Open Mic Rites


"A lot of times I would be too scared, so I'd get really drunk. Then I'd be scared and drunk, and I was forgetting all my shit," Lewis says from Montreal, where he moved last year to be near his girlfriend. "I wasn't really that good and it wasn't going that great, so I started cussing at people, and everyone laughed. For a while that was my thing."

He adds, "The best advice is if you fuck up, who gives a fuck. Act like you haven't."

As bad as those shows were, he felt nothing really could be worse, and with those failures under his belt, the rest would inevitably be smooth sailing. "Yeah it's like when I did Letterman. I wasn't nervous or anything because it will never be as bad as what I've done in the past. I've made it out of that," he says. "It's a gift, all the bullshit I've gone through. It keeps me grounded. It's helped me be more mature in my adult years."

After graduating from open mics to having his own band, he floundered. Indeed, Lewis, now in his mid-20s, was thinking about giving up music, but then Zach Ernst, a young promoter/guitarist, booked him to open for Little Richard. They became friends. Ernst later introduced Lewis to the crew who would come to be his backing band, the Honeybears.

Things progressed from there. The rock 'n' soul band went out on tour with Austin indie heavyweights Spoon and Okkervil River. They signed to major label subsidiary Lost Highway and released two well-received albums and an EP. But as a young band, there have been growing pains. The lineup has undergone a number of changes. Ernst recently left, along with the drummer. It's painful for Lewis, but just part of the business. "Things took off pretty quick for us, sort of out of nowhere, and there were a lot of things we hadn't gone through right off the bat that a lot of bands had because they had more years under their belt," Lewis says.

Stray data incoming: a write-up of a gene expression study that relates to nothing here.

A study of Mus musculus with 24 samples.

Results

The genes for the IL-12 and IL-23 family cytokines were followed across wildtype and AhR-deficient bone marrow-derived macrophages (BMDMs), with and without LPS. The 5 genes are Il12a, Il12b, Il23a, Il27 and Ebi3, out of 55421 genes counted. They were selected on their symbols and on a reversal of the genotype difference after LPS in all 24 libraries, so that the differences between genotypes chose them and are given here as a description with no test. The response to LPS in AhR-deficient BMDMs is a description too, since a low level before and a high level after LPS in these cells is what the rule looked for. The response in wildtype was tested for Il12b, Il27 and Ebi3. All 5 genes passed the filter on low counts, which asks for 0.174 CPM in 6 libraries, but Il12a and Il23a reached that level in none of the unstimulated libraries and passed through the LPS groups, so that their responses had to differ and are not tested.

He feels like things are beginning to shape up. Their second album, last year's Scandalous, shows a marked improvement over Lewis' 2008 debut, Tell 'Em What Your Name Is! The songs are tighter and their influences better balanced, with the band choosing to tone down their more soulful side.

On the album's lively opener "Living in the Jungle," the horns and Lewis' funked-up yelp may scream out soul, but the jagged guitar lead echoes post-punk acts like Gang of Four and Fugazi. Or take the puckish irreverence of "Mustang Ranch," a rockabilly tune about the notorious Nevada house of ill repute. Although "Jesus Took My Hand" may sound like the title to a gospel tune, it's actually a hypnotic piece of blues rock psychedelia. They even offer an incendiary cover of the Dead Boys' punk classic "What Love Is."

"It seems like the first record was just this fun little party record or whatever, but after five years of playing together, you start to figure it out," he says. "We're kind of getting used to what we're supposed to be doing."